CHICAGO - Noah Syndergaard stood atop the pitcher's mound, his imposing 6-6 frame topped by a mop of long blonde hair that stuck out beneath his cap.
His glove featured his nickname Thor stitched across the front in script.
Soon, 99 mph fastballs would come blazing out of his right hand, followed by curveballs that tested the laws of physics.
He was everything the Mets had hoped he would be, though it wouldn't be enough to spare them from a 6-1 defeat to the Cubs in Syndergaard's big- league debut.
"It's something I'm going to cherish for the rest of my life," Syndergaard said.
The prospect's arrival on a chilly night at Wrigley Field signified something much larger than the outcome of one game. He became the latest example of the Mets' best hopes for a new era of prosperity based on a talented stable of arms.
In that regard, Syndergaard proved that he belonged, even though his debut ended in a loss.
In 51/3 innings, he allowed three runs and six hits. He walked four -- one intentionally but struck out six.
After allowing an RBI double to Starlin Castro and a two-run homer to Chris Coghlan, Syndergaard departed with the Mets behind 3-0 in the sixth. His father, Brad, gave him a standing ovation.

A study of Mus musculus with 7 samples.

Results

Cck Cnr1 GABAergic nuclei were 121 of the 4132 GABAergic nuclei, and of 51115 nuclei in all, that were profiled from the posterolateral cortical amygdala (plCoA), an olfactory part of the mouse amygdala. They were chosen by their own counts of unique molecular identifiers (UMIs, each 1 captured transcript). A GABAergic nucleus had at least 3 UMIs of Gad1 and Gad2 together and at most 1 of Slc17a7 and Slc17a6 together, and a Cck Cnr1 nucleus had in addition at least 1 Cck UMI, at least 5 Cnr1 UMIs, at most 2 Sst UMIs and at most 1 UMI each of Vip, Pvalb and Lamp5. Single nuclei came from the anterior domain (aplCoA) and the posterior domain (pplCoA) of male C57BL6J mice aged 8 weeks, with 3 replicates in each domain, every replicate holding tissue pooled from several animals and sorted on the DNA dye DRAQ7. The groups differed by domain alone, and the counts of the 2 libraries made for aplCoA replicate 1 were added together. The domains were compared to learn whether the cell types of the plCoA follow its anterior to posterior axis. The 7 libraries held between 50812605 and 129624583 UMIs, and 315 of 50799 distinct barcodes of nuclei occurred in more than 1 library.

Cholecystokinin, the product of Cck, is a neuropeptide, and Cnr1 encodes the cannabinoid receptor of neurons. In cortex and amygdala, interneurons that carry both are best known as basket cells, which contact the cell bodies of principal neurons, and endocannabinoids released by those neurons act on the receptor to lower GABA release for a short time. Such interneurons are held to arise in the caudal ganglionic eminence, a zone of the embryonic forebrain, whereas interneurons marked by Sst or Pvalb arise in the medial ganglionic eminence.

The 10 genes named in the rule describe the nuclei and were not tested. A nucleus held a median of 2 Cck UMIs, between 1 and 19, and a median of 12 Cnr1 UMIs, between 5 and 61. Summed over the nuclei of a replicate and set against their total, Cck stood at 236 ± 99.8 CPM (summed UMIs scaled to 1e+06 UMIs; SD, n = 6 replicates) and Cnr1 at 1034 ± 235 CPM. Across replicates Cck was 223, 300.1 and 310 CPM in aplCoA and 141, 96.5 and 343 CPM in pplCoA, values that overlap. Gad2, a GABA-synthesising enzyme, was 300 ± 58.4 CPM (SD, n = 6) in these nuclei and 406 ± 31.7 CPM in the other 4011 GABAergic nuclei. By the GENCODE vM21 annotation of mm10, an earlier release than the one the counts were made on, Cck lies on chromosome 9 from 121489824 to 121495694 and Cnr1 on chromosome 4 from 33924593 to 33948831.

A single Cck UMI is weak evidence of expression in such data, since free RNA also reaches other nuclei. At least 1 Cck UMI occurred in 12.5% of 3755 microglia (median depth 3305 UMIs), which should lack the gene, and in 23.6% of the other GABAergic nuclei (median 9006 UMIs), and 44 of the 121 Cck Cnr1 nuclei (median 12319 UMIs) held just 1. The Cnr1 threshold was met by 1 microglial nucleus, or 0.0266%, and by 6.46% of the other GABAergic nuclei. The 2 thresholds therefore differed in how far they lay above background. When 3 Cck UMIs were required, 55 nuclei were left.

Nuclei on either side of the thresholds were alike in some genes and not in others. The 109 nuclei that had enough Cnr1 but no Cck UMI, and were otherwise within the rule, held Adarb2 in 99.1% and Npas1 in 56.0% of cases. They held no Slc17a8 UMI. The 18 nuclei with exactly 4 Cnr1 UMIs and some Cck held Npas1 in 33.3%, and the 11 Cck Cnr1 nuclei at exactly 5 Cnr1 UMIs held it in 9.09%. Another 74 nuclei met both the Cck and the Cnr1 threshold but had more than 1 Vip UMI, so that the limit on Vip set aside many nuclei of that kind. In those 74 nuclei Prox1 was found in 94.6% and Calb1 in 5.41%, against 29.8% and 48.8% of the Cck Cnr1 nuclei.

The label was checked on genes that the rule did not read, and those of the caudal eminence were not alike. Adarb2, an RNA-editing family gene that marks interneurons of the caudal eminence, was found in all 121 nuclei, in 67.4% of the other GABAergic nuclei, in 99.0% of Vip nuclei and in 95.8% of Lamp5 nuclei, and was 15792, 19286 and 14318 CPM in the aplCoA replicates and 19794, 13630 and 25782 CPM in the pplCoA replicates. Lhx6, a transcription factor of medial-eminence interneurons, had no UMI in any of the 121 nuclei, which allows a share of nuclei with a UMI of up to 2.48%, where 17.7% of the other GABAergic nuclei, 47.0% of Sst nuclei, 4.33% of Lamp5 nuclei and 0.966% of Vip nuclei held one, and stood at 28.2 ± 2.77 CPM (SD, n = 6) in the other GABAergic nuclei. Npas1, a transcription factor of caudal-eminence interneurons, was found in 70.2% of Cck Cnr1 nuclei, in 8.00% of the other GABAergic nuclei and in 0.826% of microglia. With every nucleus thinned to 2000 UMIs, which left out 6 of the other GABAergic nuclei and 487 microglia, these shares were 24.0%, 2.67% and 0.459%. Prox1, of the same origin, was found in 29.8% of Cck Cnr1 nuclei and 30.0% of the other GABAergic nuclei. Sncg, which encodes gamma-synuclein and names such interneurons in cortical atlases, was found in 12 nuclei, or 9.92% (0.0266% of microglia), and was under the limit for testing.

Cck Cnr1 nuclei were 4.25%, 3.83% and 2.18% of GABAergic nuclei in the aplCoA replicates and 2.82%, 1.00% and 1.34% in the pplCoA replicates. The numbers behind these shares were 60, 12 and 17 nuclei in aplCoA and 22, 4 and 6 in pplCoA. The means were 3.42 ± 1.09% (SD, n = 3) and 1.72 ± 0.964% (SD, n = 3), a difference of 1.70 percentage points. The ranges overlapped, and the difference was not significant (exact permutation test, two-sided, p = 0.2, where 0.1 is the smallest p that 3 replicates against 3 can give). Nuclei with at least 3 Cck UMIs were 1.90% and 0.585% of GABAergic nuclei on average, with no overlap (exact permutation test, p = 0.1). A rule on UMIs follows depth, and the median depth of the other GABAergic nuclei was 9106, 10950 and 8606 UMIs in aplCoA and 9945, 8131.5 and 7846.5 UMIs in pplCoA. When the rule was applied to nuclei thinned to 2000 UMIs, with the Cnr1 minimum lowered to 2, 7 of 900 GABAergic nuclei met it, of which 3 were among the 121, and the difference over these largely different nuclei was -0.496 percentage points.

"He came up here bound and determined to show everybody he belongs here," manager Terry Collins said. "And I think he did that."
Syndergaard's undoing came mostly because of shaky defense and an offense that failed to deliver a single run of support.
Kris Bryant, the Cubs' own highly-touted slugger, collected two hits off Syndergaard, including a triple off the bricks and ivy in rightfield. But one of those hits altered the course of Syndergaard's outing.
In the third, Bryant hit a routine grounder to third. Daniel Murphy fielded it, made a lazy throw, and allowed Bryant to reach first. It rattled Syndergaard, who walked the next two batters before getting Jorge Soler to fly out.
The Cubs did not score but the damage was done. Syndergaard needed 18 extra pitches to get out of the inning.
"I didn't make the play, and it cost him some pitches," Murphy said. "I was pretty frustrated."
Curtis Granderson added another moment of brain freeze in the fourth, killing a potential rally when he inexplicably tried advancing from first to third on Murphy's single. He was thrown out easily.
The Mets managed just five hits and scored their only run in the eighth. In 10 games in May, they have scored three or fewer runs seven times.
No pitcher could have overcome those deficiencies on his own. Nevertheless, Syndergaard maintained his composure, tossing five scoreless innings until hitting a wall in the sixth.
"I didn't really notice any nerves," batterymate Kevin Plawecki said.
Before the game, veteran Michael Cuddyer implored the rookie to take mental snapshots of his debut, an event that would happen only once. The pitcher wasted little time.
At 7:15 p.m., Syndergaard threw his first pitch, a 97 mph fastball that missed the strike zone. A few moments later, he got his first strikeout. When Dexter Fowler failed to check his swing on a curveball in the dirt, Syndergaard had his first image, to go along with the historic scoreboard and a dugout filled with big-league teammates.
After the first inning, his nervousness disappeared. It became just another game.
"The confidence that I can take away from this game." he said, "is that I can pitch at this level and have some pretty good success."